Start your kids' financial education early
Start your kids' financial education early

Local company Thrivent provides these tips for getting your kids on the right track for a financially healthy life.  At events like the Minnesota State Fair, Thrivent even gives away the piggy banks mentioned in the article.  These are a great tool: they have 3-4 slots that keep your kids' money separated into categories like "Save," "Spend," "Donate," and "Invest."

Of course, you don't have to have a special bank for this purpose; you and your child could label a separate bank or jar for each purpose.  Then, help your child divide their money into the appropriate categories -- they'll automatically begin making decisions about how to prioritize.

Giving kids some control over their own money early in life helps them practice for what's coming later.  It also gives you an opening to expose them to your own budget.  If they've had to save up for something they really want, they may be more receptive when you explain that you won't buy a new Wii game on each trip to Target.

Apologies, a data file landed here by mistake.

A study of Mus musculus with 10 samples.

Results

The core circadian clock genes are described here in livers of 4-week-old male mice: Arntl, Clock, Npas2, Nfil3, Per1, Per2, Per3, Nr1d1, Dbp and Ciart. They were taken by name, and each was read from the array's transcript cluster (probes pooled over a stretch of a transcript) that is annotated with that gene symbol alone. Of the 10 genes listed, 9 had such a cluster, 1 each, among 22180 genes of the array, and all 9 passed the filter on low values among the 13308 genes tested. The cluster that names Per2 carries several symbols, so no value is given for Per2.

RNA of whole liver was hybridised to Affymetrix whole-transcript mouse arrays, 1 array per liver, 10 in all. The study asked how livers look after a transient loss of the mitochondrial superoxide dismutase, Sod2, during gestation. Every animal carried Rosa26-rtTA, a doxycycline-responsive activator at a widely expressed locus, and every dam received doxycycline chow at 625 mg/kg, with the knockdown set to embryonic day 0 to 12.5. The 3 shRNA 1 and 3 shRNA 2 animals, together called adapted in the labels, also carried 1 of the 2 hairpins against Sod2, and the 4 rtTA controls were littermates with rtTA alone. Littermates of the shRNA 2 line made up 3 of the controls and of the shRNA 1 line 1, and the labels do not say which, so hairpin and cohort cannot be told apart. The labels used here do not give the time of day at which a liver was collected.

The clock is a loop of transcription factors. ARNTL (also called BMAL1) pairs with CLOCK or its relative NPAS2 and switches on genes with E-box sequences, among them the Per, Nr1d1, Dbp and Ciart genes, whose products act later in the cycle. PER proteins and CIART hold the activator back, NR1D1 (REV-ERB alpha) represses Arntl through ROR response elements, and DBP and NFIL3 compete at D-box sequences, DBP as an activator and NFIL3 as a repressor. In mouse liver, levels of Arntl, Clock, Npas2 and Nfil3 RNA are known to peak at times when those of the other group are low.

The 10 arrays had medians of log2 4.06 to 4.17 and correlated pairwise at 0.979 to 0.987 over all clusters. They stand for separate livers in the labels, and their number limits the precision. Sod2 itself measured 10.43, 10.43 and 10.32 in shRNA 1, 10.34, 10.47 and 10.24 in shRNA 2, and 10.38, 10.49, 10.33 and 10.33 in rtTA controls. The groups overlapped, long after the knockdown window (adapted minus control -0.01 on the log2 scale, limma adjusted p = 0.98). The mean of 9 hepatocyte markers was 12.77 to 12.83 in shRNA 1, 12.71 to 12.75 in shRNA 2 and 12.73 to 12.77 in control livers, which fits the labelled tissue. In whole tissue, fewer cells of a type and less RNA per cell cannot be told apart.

Another good tip: check to see what resources your financial institution has for kids.  Here are some links to major local banks' programs:

Wells Fargo

North Star

US Bank




Bank of America

*Not expressly designed for kids; check with your banker to see what they recommend.

(This list is obviously not exhaustive, nor is it intended as an endorsement of any specific program.  If I left your bank out, or if you want to know more about what any institution offers, check out their website or ask a banker.)

And, finally, check to see if your bank or your child's school participates in Junior Achievement or the University of Minnesota's Extension Programs on finance.  These resources pair financial experts with educators to help kids learn about managing money.